Noah Meyer, Opinions Editor


Gonzalez was an important fixture throughout Former President John Delaney’s tenure and was essential to the establishment of many of UNFs most beloved initiatives. Some of the biggest projects Gonzalez helped push through were the creation of the Military and Veterans Resource Center, the LGBT Resource Center, the Catastrophe Fund for Students in Need, Expansion of Diversity and Inclusion Initiatives, as well as both the Martin Luther King Jr. statue and the Gandhi statue in the Peace Plaza. This is just a short list of the many accomplishments Gonzalez had in making UNF what it is today, and also raises the question of why exactly he was removed.

In a recent interview with Gonzalez on his firing, he claimed he was told his firing was to “improve metrics.” This is obviously a very nebulous phrase that could mean many different things, but the easiest translation is essentially that President Szymanski thought Gonzalez was not worth the cost after the restructuring of Student and Academic Affairs.

It seems frankly disgusting that a new incoming president would easily dismiss someone who committed much of their life to improving UNF, but as I have noted before, President Szymanski is purely a businessman—expecting any sort of ethical or empathetic treatment of people or programs is a fool’s exercise. President Szymanski is here because he serves the university’s economic best interest, and not much else. When President Szymanski’s office was asked for comment the only reply was from the director of the Department of Public Relations stating, “We don’t discuss personnel matters.” They don’t care what the concerned faculty and students think—to them this is business as usual.

With the removal of Gonzalez and the restructuring of student affairs, the Interim Provost and Vice President of Student and Academic Affairs Pam Chally now has a job title as large as the amount of departments she must manage. Gonzalez said, “It’s close to 20 departments. They doubled the work of Pam Chally.” It seems ridiculous to imagine this restructuring is in any way more efficient than the previous separation of academic affairs and student affairs, but this consolidation exactly matches contemporary business practices. Businesses would rather pay one person to do more for less than pay two people for the same work. Strangely, there has been no word if Pam Chally is being paid double for doing double the amount of work—imagine that.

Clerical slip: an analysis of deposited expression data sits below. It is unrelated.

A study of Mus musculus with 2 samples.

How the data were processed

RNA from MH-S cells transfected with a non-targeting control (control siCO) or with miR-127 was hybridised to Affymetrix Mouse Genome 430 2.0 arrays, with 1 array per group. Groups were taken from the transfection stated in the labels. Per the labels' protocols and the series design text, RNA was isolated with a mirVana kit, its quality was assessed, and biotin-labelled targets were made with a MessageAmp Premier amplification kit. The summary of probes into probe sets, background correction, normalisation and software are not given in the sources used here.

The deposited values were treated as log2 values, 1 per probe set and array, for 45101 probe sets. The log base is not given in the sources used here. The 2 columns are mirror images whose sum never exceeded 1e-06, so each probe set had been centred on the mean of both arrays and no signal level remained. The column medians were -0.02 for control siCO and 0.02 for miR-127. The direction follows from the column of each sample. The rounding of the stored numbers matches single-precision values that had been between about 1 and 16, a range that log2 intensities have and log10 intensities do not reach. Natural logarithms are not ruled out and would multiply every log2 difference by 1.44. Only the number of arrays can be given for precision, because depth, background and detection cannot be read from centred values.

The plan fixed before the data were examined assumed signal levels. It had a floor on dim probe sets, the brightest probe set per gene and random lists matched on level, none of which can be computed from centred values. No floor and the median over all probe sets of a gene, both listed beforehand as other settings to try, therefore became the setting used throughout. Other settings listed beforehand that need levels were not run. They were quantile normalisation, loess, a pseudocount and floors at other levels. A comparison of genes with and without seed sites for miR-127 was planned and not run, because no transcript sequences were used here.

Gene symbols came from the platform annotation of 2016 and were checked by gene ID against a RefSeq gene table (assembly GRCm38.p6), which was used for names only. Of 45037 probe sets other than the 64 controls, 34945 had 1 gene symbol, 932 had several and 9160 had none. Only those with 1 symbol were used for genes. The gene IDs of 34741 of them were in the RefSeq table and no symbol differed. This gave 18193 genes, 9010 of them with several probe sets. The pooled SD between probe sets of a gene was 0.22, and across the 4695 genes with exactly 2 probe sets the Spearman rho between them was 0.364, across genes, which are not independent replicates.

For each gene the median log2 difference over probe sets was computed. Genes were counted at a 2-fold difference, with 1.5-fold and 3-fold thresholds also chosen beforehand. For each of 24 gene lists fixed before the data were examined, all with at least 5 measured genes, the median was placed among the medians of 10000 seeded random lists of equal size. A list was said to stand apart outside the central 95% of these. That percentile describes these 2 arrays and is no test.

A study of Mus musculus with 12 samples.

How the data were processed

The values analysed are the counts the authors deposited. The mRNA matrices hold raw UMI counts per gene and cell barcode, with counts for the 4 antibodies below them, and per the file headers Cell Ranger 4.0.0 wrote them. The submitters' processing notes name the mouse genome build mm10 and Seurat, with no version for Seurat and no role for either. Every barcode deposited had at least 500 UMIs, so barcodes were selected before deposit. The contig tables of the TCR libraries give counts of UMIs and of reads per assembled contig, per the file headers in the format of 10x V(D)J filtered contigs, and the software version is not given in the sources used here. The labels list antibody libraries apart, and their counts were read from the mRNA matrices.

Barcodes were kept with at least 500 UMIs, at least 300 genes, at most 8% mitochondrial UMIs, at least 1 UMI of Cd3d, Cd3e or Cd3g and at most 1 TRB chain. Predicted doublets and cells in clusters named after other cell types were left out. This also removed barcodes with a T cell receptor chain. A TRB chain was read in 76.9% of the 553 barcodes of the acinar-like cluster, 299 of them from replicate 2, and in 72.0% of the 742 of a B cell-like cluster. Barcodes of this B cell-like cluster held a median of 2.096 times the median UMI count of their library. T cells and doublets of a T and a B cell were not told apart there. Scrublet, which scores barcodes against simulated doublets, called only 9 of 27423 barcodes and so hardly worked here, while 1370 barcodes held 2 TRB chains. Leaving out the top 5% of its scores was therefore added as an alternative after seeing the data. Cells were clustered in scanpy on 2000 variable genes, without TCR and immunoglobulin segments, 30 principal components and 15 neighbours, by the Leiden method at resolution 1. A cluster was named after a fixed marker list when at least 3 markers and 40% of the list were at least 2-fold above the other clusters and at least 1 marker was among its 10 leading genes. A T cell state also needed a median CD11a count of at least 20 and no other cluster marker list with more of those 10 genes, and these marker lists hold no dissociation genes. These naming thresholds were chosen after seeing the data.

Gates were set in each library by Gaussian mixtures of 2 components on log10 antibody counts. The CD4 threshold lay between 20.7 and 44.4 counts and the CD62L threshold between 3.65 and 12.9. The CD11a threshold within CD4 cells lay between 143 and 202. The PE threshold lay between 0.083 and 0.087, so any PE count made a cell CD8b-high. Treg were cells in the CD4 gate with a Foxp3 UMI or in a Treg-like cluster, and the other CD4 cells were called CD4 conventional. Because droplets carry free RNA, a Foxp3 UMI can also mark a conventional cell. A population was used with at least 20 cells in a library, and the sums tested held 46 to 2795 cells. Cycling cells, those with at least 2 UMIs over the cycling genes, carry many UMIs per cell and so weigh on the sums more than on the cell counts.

The firing of Mauricio Gonzalez is yet another questionable decision to come from the office of President Szymanski. While it is to be expected that a new president will restructure things in a manner they prefer, the firing of Gonzalez is a vile way to treat someone who has given so much to UNF. It isn’t much of a mental exercise to imagine ways that President Szymanski may have honored Gonzalez and let him leave on his own terms—all they had to do was wait one year. I think I speak for most at UNF when I say I hope only for the best for Mauricio Gonzalez. He committed 18 years of his life to improving UNF—if only UNF had shown that same commitment to him.



2 Responses to “OPINION: The Unjust Firing of Mauricio Gonzalez”

  1. Erol Gokcedag on November 29th, 2018 9:33 am

    I congratulate the university and the president for the decision. And I encourage them to keep up the good work to acknowledge and represent the rights of legally enrolled students to pursue their education without having to fear unwarranted, puny expulsion, suspension lurking around every corner. That is the atmosphere this person has created.

  2. Erol G. on November 29th, 2018 9:37 am

    Appears to be very compassionate and exemplary this new president. I applaud the decision.